Defining the Doctor: The Long Game



Contrary to the general consensus amongst fans, I honestly consider The Long Game as one of the best episodes of the revived series. It was a subtle precursor to Series One’s two-part finale, Bad Wolf/The Parting of the Ways and an episode that has always been, for some reason overlooked. As much as I would like to provide a defence for this masterful story, I was beaten to the punch some time ago but the writer did a wonderful job on it and I really have nothing to add to his defence. This series is about the defining story for each Doctor and I chose The Long Game because I think it shows a lot of the Ninth Doctor’s facets: his anger, his joy, his curiosity, his repulsion – all within forty-five minutes.

Let’s start off by turning to the Northern elephant in the room, Adam. I don’t mind Adam; he was an experiment, a successful one at that. Russell T Davies wanted to show us that not every companion is as perfect as Rose (I use the term ‘perfect’ loosely, a lot of people have grown to abhor Rose in Series One but I don’t share this opinion) and that some can abuse their privileges and responsibilities when aboard the TARDIS. Barbara did something similar in The Aztecs but she was trying to save lives, Adam wasn’t, although funnily enough, Davies considered giving Adam’s father a life-threatening illness and that Adam was to use the Satellite 5 information to help cure him. I think if this had been the case then a lot of people wouldn’t judge Adam like they do now. His motives were purely self-beneficial and that is why he is so resented.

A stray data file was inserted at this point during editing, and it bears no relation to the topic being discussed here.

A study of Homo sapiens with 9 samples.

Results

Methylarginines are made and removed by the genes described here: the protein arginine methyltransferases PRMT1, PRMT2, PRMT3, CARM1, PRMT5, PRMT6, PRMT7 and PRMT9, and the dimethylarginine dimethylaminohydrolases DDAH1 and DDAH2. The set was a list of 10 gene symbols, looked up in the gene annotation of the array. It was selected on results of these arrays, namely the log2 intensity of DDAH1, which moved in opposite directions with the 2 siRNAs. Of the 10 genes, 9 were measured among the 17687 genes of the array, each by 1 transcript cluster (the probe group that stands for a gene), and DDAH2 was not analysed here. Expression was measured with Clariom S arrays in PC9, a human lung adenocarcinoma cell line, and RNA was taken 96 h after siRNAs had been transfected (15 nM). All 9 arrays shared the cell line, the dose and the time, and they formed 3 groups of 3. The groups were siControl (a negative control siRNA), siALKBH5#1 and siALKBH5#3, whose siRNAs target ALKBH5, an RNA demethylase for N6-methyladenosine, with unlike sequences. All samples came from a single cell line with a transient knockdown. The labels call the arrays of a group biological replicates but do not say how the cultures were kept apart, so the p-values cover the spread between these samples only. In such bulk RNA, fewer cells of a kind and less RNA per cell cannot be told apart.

I can never really fathom the Ninth Doctor at all. I don’t know much about the Time War so this is really the reason why. A lot of what ‘made’ the Ninth Doctor happened off-screen so fans have taken it upon themselves to make educated guesses on what might have happened in the Time War. (Topically, the John Hurt Doctor may put a spanner in the works if he’s revealed to be the ‘8.5’ Doctor or the real Ninth Doctor). Originally I intended to cover Dalek as the Ninth Doctor’s defining story but those plans fell through because it would have meant I would have had to bring up the Time War a lot and I’m not literate in that area.

The Long Game

The Doctor, in all his incarnations, has been incredibly capricious (Palmer in Hide said it himself) and rather volatile. In my eyes, the Ninth Doctor more so than any other Doctor. After the rather traumatic events of the Time War, the Ninth Doctor is on edge, capable of going from joy to fury in a split-second. In The Long Game he displays all sorts of emotions: his fascination with the Fourth Great and Bountiful Human Empire, his umbrage at Adam, his suspicions with the technology on Satellite 5. I suppose I could have chosen any episode of Series One but I think The Long Game is one of Eccleston’s better performances and the Ninth Doctor here is so very much himself.

The Long Game fits in nicely with the rest of Series One, it’s suitably dark and ominous as well as packing in one of Christopher Eccleston’s best performances as the Doctor (my favourite rendition of his is The Doctor Dances). Billie Piper is on top form as usual and because Bruno Langley makes Adam so immensely dislikeable, it shows that he’s a good actor if he can make his audience hate his character so much.